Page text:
With the long-awaited ‘Street Fighter IV’ hitting home consoles this weekend, I thought it would be fun to take a look back at some of the cinematic conversions of the world’s finest fighters. Quite frankly, I didn’t have the strength to sit through the Jean Claude Van-Damme live-action effort, so I thought I would start out with this early 90s anime outing.
Vega (or M. Bison as we all know him in the West) is the ruthless leader of the international terrorist organisation Shadowlaw. Although he is rich and controls vast amounts of the globe, he spends his time searching for the world’s greatest fighters to use in his diabolical schemes. When he comes across a young wanderer by the name of Ryu, he realises that he has found a potential candidate for the strongest man of all time. However, he knows that Ryu will never willingly join his organisation so he decides his best form of attack is to go after his childhood friend and fellow student, Ken Masters. Meanwhile, Major Guile of the United States Army is forced to team up with Chun Li from China in the hope of apprehending Vega and putting a stop his international ring of crime.
The first and most obvious positive to be taken from ‘Street Fighter II: The Animated movie’ is that it is… well, animated. Unlike its dire live-action counterpart, the use of animation makes it far easier to recreate the look and feel of the video game, which it does particularly well with accurately drawn characters and a few familiar backgrounds. Likewise, the lack of physical actors provides the added freedom of being able to include as many of the fighters as possible, with even the likes of T-Hawk and DeeJay making some kind of appearance. To round it all off, the writers sensibly choose to give each of the characters their original background stories and then employ a solid selection of Japanese voice talent to recreate all of our favourite sounds and quotes. So far so good, right?
Despite all these merits though, even my misty-eyed fanboy perspective could do little to disguise the fact that the film suffers badly in the story department. The real problem here is that the creators clearly wanted to include as many of the characters as possible so the movie noticeably struggles to establish a solid narrative. This is particularly evident in the opening half an hour where the film seems to jump from location to location and just feels like a string of random confrontations. Another negative is the soundtrack, or lack of it, as there are often long and very awkward silences during scenes where there should really be background music. This may not sound like something too serious, but the lack of a soundtrack during the (supposedly) adrenaline fuelled action scenes really lessens the impact.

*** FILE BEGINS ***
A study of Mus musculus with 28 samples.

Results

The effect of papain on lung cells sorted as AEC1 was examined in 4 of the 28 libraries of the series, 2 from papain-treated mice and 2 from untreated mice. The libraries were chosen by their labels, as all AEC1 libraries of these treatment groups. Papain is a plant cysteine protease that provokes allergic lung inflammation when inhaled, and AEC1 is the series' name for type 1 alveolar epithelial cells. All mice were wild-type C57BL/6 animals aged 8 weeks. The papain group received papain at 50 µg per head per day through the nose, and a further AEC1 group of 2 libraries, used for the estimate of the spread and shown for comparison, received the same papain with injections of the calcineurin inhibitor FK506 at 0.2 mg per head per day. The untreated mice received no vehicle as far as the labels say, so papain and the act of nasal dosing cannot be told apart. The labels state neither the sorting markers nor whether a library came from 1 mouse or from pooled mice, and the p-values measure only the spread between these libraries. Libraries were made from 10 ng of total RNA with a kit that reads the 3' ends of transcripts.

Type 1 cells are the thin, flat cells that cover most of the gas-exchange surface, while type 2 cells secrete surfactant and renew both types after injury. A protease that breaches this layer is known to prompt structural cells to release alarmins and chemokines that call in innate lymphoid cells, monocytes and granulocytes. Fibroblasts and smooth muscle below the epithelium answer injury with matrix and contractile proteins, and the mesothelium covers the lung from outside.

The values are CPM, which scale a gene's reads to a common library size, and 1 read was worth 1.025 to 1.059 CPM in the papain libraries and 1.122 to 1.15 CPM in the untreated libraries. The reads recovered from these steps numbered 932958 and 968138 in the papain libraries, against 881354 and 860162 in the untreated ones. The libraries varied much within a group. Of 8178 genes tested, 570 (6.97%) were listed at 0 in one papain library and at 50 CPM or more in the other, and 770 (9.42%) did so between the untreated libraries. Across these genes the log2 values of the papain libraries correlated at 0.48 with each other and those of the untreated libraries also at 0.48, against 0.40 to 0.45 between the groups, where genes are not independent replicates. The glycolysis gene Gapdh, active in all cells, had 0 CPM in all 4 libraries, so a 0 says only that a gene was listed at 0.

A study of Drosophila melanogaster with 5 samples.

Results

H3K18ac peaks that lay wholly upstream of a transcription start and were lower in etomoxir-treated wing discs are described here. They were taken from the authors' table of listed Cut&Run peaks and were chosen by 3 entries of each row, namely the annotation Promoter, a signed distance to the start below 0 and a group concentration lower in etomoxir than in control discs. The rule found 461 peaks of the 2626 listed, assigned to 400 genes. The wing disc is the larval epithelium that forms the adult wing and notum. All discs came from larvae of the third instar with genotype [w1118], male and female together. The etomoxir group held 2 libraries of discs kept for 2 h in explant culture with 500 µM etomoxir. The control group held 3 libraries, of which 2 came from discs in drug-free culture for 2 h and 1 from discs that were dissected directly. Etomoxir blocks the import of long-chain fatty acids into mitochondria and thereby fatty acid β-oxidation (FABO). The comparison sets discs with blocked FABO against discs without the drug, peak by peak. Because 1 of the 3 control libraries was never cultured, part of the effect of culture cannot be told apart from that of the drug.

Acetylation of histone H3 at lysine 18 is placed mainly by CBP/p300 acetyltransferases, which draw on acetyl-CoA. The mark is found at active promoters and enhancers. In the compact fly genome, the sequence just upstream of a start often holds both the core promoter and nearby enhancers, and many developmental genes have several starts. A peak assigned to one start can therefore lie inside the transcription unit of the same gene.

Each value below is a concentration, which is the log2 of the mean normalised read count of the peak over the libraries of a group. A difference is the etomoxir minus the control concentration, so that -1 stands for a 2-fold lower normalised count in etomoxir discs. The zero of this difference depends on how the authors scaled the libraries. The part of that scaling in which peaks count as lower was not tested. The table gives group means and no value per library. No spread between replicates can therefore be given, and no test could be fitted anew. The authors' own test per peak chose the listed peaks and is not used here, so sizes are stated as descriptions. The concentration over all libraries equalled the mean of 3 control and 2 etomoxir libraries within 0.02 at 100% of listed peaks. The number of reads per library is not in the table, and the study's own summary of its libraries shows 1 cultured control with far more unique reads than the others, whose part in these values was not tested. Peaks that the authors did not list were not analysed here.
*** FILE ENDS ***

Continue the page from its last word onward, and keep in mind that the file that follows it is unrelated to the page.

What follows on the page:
Much like the rest of the film, the action on display also provides something of a mixed bag. As the movie opens, we are treated to an exciting and well-shot battle between Ryu and Sagat that includes some nice combinations and lasts a decent amount of time. Unfortunately though, this is rarely improved upon and the majority of fights consist of nothing more than a few punches and kicks followed by a special move that ends it all. In truth, it really isn’t until the finale that we eventually get to see another strong bout as Ryu and Ken go up against the fearsome Vega. However, even this is spoilt somewhat by the use of one of the worst pop themes ever that seems completely out of place for such a climactic scene.
So, is this the perfect adaptation of one of the biggest and most popular video game franchises of all time? Personally, I’d have to say no as even though the flick looks the part and is fun for fans, it just never seems to be as exciting as it could and should of been.